As they munched, I felt Bud lean into me. It was just a little pressure, but enough to make contact- to feel comforting to both of us.
Spending my days with the horses has been transformative.
As I soaked up the warmth of Bud’s Appaloosa body that chilly afternoon and waited for both horses to finish eating, I reflected on what contributes to the magic for me.
At the top of the list is the relationship I’ve built with the horses.
They know me and I know them.
Our daily contact has allowed me to observe them in a variety of situations. I can see when they are calm and content. I can also see when they are not. I’ve been privy to all sorts of horse politics and games. I’ve seen affectionate nuzzles and bared teeth and sharp kicks.
I’ve learned what food they like, and don’t like.
I know how they like to be approached. How they like to be brushed.
In other words our time together has afforded me the chance to map out their territory.
I’ve also made friends with other horses in the pasture. Certainly Amigo, Red and Chickadee know me and have allowed me into their confidence.
Then there’s Old Joe, who often stops by to say hello when we’re out feeding.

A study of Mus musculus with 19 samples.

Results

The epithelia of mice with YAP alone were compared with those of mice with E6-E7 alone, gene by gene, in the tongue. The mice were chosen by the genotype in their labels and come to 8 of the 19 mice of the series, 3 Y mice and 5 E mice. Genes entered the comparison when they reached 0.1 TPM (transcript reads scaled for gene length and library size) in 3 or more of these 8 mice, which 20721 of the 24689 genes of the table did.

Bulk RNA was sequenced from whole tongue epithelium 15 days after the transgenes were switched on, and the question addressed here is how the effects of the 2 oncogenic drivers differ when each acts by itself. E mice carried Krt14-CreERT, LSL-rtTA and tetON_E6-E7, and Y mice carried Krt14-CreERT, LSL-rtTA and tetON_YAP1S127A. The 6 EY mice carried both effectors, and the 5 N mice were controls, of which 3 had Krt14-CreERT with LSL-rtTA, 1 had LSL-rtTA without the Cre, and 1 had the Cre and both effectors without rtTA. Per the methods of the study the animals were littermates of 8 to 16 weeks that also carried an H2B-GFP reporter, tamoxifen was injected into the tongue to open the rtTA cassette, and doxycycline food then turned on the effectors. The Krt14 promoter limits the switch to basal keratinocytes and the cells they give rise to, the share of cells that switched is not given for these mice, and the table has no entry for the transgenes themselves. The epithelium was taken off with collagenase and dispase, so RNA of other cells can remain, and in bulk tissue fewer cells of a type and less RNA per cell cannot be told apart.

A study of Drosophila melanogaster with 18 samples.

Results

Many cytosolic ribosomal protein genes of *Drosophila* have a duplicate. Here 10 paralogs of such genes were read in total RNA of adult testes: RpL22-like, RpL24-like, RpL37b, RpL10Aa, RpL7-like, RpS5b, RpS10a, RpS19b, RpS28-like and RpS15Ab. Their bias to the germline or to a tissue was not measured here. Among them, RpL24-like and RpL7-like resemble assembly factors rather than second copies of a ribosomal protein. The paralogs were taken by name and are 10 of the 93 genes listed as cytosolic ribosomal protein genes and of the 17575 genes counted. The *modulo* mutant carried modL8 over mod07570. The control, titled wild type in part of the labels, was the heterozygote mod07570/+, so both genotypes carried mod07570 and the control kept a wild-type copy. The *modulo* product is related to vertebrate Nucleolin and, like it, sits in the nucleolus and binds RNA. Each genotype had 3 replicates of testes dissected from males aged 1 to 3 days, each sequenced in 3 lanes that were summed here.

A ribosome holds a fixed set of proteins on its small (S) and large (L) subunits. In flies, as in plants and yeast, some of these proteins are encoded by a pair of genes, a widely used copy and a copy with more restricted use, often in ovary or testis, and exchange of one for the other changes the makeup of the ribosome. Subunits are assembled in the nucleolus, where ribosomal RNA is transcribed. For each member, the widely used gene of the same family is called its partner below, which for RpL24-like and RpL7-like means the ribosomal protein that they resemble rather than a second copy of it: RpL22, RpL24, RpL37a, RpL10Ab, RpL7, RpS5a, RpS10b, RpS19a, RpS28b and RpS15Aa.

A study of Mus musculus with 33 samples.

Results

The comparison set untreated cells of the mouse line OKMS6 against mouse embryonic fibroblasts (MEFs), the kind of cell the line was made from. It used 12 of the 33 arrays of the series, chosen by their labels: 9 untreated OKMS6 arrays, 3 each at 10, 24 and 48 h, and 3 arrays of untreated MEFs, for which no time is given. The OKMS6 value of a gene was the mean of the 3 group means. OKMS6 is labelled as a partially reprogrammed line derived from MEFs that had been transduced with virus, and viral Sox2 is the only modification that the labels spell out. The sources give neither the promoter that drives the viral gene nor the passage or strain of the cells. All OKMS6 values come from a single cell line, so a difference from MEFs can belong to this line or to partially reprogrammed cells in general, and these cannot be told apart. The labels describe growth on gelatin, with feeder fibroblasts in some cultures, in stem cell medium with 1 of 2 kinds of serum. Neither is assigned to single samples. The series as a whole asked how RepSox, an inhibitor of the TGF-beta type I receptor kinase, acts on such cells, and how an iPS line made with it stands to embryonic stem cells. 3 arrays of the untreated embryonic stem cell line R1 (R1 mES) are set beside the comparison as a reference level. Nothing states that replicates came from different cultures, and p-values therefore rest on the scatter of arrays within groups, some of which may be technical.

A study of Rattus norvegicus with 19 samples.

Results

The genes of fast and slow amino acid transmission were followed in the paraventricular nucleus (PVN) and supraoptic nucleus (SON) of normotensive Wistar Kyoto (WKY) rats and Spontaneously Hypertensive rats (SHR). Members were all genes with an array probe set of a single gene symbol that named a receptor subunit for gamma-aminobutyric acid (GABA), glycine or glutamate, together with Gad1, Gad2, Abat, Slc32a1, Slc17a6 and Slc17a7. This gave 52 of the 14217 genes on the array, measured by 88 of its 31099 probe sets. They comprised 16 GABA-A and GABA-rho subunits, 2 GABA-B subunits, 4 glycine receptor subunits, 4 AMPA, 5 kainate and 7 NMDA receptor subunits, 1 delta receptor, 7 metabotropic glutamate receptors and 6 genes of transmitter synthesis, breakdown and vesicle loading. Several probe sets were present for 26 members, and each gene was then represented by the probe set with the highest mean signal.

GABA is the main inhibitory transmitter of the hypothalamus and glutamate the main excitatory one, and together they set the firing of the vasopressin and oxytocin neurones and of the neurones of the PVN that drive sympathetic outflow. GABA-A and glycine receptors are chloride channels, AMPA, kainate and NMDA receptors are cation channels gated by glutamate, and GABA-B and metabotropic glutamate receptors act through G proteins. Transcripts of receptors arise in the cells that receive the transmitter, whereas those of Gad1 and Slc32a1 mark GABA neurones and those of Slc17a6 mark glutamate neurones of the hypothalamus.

And Mama and Brio.
And a few of the barn horses that spend their days turned out in a paddock adjacent to the gate where we feed, recognize me as I do them. We’ve formed a relationship.
All this got me thinking about how important it is to be seen.
To be known.
Invisiblity is a terrible fate.
Certain cultures use shunning as a punishment. I imagine it’s quite effective, because as human beings we need to connect. We thrive when we feel seen, valued, appreciated, known, and accepted as who we are.
In this fast-paced world in which most of us live, it’s easy not to see people at that deep level.
We can ignore them and justify to ourselves that we’re simply too busy to take the time to connect.
“Tomorrow, or next week, or another time,” we tell ourselves.
A favorite author of mine, Patti Digh, writes a thank-you note to someone every day.
Every single day. She says it has changed her life. Her blog, 37 Days is about learning to live like you’re dying, because, as she says, we are. Every day is precious, as are the people who inhabit our lives. 37 Days is the amount of time her stepfather lived after receiving a cancer diagnosis. It prompted her to ask, “What would I do if I knew I only had thirty seven days to live?”
It’s not a new question, but one that I’m glad to remember. For me, my answer in part is to connect more with my people. To let them know they matter. To truly see them.
What about you?
Is there someone in your life yearning to be seen?